Colleagues and friends established this award in honor of Dr. Joseph P. Fulton for the contributions that he made to the science of plant pathology through his research, teaching, and service.
Dr. Fulton, Professor Emeritus of the Department of Plant Pathology at the University of Arkansas (UA), Fayetteville, joined the faculty in 1947 after he earned a B.A. degree from Wabash College in 1939 and M.A. and Ph.D. degrees from the University of Illinois in 1942 and 1947, respectively. He has held the rank of professor of plant pathology since 1954 and was head of the department from 1959 to 1964. He was senior author of the popular Plant Pathology Laboratory Manual and taught courses in plant pathology, plant virology, and fruit and vegetable pathology.
His research included the development of techniques for the production of disease-free propagating stock and disease-control studies with strawberries and vegetables. He was instrumental in establishing the university-wide electron microscope facility at UA, and he developed the Arkansas Strawberry Certification Program in cooperation with the Arkansas State Plant Board. His later research focused on plant virology, particularly on vectors, transmission, and characterization of plant viruses until his retirement in 1987. He was the first to describe the nematode vector of Tobacco ringspot virus, and his publications include studies on nematode-transmitted viruses, virus-vector relationships of beetle-transmitted viruses, and the ultrastructure of virus-infected plant cells.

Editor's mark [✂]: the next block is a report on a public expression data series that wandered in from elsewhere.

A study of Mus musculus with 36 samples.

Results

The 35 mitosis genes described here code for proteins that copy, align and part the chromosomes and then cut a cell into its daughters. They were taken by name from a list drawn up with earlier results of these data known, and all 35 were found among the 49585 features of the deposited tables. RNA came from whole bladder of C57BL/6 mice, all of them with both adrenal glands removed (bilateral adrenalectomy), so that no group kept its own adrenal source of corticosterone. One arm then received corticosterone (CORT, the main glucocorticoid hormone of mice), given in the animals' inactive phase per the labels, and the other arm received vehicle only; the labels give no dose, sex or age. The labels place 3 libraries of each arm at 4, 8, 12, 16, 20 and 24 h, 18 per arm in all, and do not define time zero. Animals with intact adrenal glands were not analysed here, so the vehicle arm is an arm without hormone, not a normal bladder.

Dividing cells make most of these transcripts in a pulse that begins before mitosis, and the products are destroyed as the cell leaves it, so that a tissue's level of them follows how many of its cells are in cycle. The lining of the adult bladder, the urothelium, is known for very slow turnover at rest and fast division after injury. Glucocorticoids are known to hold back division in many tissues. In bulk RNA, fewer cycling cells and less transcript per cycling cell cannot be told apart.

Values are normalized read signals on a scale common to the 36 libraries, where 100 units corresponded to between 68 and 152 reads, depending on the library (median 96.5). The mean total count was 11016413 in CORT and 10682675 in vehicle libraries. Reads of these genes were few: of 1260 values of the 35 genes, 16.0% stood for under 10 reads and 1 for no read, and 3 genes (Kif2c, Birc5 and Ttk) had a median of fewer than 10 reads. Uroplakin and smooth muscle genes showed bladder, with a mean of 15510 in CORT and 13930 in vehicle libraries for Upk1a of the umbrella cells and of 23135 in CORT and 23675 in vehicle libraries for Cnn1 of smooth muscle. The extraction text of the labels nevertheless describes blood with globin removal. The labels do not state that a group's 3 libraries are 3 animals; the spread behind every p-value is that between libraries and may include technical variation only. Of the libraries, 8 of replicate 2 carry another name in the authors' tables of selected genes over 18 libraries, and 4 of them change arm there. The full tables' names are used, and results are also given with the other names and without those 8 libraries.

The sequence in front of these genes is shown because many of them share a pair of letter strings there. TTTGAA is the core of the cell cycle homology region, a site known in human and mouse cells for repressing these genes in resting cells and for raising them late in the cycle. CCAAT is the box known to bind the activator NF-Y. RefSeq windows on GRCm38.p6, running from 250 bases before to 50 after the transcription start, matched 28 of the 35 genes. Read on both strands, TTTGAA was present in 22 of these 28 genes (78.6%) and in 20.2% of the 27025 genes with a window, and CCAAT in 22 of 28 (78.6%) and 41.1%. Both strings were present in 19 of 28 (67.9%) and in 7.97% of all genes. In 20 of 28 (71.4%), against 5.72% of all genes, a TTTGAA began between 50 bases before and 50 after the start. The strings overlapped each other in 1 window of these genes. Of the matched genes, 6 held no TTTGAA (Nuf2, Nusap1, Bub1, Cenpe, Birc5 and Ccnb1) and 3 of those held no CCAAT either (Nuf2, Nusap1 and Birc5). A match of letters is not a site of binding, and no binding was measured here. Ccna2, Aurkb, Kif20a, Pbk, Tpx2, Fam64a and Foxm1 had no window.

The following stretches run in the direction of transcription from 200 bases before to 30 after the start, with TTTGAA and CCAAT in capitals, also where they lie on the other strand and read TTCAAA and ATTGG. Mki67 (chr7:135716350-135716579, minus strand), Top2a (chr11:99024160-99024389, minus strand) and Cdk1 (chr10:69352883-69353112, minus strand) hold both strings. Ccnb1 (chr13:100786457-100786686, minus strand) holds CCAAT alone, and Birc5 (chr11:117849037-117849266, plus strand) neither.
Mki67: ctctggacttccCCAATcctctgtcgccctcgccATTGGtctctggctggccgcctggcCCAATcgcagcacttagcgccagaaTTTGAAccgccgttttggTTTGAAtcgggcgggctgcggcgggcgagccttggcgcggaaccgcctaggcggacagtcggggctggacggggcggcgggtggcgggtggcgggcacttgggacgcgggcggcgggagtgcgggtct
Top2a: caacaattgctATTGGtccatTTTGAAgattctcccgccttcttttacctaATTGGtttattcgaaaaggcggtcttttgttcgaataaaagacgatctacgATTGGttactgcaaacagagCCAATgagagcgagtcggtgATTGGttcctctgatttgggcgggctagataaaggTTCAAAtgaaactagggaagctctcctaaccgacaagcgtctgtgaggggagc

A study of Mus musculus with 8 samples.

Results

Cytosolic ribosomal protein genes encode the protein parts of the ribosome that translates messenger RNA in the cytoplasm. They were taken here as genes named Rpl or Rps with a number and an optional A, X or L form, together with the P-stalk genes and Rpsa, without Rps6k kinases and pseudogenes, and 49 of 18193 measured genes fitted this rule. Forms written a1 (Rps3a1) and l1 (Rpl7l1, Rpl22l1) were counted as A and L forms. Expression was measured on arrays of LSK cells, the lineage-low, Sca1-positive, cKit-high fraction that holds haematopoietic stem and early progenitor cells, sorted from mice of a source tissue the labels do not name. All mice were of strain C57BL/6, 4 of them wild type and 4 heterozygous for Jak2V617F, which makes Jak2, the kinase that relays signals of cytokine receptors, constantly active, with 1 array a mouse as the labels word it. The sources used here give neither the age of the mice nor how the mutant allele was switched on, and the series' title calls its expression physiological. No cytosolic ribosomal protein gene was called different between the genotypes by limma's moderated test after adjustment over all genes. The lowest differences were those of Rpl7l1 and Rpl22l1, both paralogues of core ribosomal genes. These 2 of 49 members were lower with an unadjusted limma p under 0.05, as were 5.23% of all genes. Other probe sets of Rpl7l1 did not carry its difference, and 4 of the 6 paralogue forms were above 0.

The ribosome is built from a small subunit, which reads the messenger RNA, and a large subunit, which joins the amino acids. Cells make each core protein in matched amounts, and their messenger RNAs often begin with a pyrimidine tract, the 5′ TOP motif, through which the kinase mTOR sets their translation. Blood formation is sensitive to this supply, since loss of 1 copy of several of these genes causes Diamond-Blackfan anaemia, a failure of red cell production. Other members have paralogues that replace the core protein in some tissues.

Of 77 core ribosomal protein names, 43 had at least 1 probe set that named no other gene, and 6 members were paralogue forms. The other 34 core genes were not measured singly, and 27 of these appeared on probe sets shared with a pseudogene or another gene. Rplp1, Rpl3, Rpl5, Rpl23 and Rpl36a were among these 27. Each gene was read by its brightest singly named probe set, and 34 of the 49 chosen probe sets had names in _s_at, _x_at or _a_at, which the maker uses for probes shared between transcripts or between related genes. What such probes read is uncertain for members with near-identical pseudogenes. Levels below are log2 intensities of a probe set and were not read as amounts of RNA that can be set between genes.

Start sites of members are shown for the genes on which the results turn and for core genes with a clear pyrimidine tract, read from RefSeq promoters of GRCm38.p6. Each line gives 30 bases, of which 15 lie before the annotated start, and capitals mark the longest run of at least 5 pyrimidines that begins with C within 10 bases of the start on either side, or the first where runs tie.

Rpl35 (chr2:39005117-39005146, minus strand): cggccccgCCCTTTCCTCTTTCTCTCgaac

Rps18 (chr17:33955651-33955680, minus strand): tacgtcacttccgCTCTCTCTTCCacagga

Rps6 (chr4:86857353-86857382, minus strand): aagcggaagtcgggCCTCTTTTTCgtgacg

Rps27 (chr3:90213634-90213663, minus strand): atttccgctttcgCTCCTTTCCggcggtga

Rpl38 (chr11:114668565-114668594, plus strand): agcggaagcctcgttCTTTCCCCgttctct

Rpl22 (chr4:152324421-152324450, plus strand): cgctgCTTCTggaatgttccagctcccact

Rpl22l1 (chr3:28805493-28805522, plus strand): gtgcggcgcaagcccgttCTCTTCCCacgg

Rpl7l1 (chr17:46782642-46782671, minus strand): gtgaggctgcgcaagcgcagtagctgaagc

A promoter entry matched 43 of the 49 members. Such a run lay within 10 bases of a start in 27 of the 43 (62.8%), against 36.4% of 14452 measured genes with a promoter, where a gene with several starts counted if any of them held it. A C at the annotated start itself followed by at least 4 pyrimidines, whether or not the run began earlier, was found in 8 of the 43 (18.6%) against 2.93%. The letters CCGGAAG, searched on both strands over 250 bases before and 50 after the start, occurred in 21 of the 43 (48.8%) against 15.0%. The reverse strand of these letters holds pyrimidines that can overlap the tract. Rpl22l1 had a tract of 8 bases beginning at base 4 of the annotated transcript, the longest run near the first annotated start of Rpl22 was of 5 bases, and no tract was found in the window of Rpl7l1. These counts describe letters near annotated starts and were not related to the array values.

Dr. Fulton served as secretary of The American Phytopathological Society (APS) from 1967 to 1970 and as president in 1972. He served in several offices in the APS Southern Division and became a Fellow of the society in 1976. Dr. Fulton attempted retirement, however, he could not stay away from his lab “family” for long. Therefore, he worked for many years after retirement, mentoring new faculty members, as well as graduate students, particularly on virus-vector-host interactions.
Dr. Fulton is a kind and gentle person who has a habit of putting everyone at ease, especially young colleagues and graduate students in the department. Many of his graduate students have said that he not only taught plant pathology, but how to live worthwhile lives. Dr. Fulton was an avid outdoorsman, mainly involved in the skillful art of fly-fishing. With his aid, several of the faculty and staff also took up the sport and became enthusiastic fishermen, although some of his fishing buddies complain about his principle that “sports fishermen” should go by the “catch and release” rule. From his outstanding academic and professional accomplishments to his other passions, he is an inspiration to all he has touched.